Getting the Pointlessness
Amidst the continuing furor of anti-drug polemics and hysterics, it's easy to make the casual observer forget one of the basic realities of this issue: Most people who use drugs are okay. For most of the people who use drugs, it's OK that they are using drugs. We may legitimately worry about those who truly have problems with their drug use, and the people they may affect; we legitimately worry about the consequences of the illicit trade in drugs -- which is to say, the consequences of prohibition. And we would like to see the drug trade made less accessible to children.
But when one faces facts straight on, they say a simple thing: Most people who use drugs are okay. If results are what count, in most cases it's okay that people are using drugs. Not in all cases, to be sure. But in most cases.
Certain types of civil disobedience can illustrate the pointlessness of criminalization of drug use in a vivid enough way to be both noticed and understood. Members of the European Parliament Marco Cappato of Italy and Chris Davies of Great Britain accomplished this three years ago when they presented themselves to police in the London suburb of Manchester with minute quantities of marijuana attached to the back of a couple of postage stamps, getting arrested in the process. Cappato and Davies weren't even using the marijuana, it wasn't even enough to be used, they clearly were not menacing society in any way, they are highly respectable citizens. Yet it was enough to get them sent to jail in handcuffs. That is an effective demonstration of the pointlessness of criminalization.
Drug reformers in the formerly Communist nation of Hungary are doing something similar right now. Roughly 30 of them have turned themselves in as drug users to Budapest and other city police headquarters since the beginning of April. Among them was a famous novelist who is also grandmother -- clearly not a threat to society. Police are being forced to arrest these people and make the law look ridiculous in the process. It is fueling discussion, not only about casual use of marijuana but also how society deals with the truly problematic drug users. It is raising the issue of the unlucky ones who get caught and might not get a lenient sentence. It may well help to change the country's drug laws.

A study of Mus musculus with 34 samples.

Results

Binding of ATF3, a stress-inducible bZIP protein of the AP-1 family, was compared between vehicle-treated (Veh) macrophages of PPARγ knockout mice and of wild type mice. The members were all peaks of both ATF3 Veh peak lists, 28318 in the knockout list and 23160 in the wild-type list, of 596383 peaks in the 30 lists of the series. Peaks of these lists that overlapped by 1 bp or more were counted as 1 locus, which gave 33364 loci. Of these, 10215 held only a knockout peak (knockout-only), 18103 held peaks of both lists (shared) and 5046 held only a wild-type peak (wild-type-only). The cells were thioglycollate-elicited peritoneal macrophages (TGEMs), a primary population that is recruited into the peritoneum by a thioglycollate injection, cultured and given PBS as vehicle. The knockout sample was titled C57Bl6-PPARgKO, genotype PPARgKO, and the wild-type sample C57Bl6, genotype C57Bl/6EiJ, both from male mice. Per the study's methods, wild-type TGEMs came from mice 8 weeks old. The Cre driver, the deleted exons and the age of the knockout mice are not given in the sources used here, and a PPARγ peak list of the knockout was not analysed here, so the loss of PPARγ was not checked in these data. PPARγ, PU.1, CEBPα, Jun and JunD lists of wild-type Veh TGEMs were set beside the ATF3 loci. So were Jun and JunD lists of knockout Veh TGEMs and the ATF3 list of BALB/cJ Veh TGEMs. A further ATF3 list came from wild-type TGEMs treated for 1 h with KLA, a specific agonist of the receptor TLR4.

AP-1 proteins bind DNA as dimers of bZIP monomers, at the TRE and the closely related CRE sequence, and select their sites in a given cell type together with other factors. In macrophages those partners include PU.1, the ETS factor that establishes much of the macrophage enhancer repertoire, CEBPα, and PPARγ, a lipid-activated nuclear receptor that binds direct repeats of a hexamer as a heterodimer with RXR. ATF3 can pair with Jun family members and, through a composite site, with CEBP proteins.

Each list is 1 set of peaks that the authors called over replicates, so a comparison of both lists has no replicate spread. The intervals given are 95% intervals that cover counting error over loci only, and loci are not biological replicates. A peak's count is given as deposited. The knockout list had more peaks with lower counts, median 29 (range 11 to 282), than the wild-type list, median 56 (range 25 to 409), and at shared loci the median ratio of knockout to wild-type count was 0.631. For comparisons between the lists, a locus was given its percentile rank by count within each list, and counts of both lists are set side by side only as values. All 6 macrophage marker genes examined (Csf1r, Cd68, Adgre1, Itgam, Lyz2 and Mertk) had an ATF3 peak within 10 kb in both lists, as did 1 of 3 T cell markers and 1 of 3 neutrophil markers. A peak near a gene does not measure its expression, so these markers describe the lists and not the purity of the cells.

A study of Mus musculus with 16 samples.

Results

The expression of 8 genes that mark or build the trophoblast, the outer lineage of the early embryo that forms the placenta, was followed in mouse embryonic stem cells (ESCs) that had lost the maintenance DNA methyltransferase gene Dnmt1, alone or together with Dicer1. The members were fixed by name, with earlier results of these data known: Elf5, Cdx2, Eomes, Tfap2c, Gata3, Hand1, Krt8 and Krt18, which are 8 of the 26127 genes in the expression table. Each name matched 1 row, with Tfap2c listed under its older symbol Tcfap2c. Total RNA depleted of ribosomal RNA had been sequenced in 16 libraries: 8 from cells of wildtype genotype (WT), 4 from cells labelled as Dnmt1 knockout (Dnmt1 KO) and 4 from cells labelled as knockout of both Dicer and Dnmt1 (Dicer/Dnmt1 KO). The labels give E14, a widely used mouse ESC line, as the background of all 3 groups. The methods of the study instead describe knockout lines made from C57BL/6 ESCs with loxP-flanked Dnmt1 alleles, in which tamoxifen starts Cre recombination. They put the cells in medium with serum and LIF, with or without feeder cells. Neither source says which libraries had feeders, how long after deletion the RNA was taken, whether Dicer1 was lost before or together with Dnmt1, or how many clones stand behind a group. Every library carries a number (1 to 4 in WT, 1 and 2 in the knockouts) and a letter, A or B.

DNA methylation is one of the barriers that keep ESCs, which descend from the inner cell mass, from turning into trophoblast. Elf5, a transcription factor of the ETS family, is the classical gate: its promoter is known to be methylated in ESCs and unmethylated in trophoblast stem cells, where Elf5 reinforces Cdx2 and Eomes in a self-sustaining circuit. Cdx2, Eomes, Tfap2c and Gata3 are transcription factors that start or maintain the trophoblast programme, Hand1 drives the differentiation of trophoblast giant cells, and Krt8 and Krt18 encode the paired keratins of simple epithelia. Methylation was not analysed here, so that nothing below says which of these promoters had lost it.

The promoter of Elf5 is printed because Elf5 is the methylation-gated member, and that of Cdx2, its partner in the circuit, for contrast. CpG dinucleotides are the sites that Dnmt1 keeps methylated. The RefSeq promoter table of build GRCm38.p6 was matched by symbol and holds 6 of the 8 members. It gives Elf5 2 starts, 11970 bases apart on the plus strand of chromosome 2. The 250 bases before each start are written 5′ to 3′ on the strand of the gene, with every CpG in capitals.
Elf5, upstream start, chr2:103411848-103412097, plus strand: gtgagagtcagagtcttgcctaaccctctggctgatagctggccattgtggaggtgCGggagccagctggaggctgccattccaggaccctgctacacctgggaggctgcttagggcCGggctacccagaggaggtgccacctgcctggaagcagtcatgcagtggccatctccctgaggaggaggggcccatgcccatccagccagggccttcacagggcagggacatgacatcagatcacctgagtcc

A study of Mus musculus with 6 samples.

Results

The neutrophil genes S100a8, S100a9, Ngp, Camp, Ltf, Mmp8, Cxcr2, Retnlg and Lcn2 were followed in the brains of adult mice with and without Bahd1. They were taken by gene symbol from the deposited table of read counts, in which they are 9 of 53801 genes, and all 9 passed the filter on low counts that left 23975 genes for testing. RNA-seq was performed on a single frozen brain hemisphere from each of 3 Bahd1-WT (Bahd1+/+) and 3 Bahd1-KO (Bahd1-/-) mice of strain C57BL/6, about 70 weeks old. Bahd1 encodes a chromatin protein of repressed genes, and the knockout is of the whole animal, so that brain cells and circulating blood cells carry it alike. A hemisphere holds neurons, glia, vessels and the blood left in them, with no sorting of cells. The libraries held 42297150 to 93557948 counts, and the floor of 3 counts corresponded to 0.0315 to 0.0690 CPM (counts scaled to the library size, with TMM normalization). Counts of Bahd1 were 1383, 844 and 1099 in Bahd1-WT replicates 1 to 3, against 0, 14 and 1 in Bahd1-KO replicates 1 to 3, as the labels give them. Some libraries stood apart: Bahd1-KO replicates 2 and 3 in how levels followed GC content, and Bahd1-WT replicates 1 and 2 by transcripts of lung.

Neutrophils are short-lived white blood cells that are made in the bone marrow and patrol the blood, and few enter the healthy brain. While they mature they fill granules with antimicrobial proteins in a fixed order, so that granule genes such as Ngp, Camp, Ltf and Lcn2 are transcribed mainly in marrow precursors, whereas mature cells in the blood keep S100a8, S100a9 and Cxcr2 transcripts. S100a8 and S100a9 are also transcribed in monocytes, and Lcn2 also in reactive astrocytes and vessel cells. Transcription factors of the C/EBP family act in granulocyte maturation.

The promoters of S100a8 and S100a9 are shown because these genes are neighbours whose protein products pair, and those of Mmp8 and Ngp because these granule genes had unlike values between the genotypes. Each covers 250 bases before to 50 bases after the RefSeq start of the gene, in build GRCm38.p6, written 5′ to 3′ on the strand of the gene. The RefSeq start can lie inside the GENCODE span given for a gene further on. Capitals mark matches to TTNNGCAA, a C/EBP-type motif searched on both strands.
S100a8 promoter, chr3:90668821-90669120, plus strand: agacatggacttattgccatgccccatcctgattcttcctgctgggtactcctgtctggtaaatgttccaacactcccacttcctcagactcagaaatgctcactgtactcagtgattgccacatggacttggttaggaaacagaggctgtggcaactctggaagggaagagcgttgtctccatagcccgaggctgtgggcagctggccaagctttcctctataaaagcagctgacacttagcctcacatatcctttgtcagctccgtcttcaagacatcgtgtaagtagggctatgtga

The criminalization of responsible drug users is only one of the many pointless aspects of drug prohibition. Criminalization of the trade in drugs itself is also pointless, though for more complex reasons that involve economics, public health and many other factors. But criminalization of users is pointless on its face. People may miss that obvious point a lot of the time. But they are capable of grasping it, without a lot of effort, if it is pointed out in a clear and compelling manner.
I believe they can understand the rest of it too. As New Mexico's former governor, Gary Johnson, has put it, support for the drug war is a mile wide but an inch deep. Our drug policies are so far off-base, with such serious consequences, it isn't that hard to get a lot of people, perhaps most, to understand at a minimum that some things are wrong. Prohibition is pointless, but our efforts to end it need not be.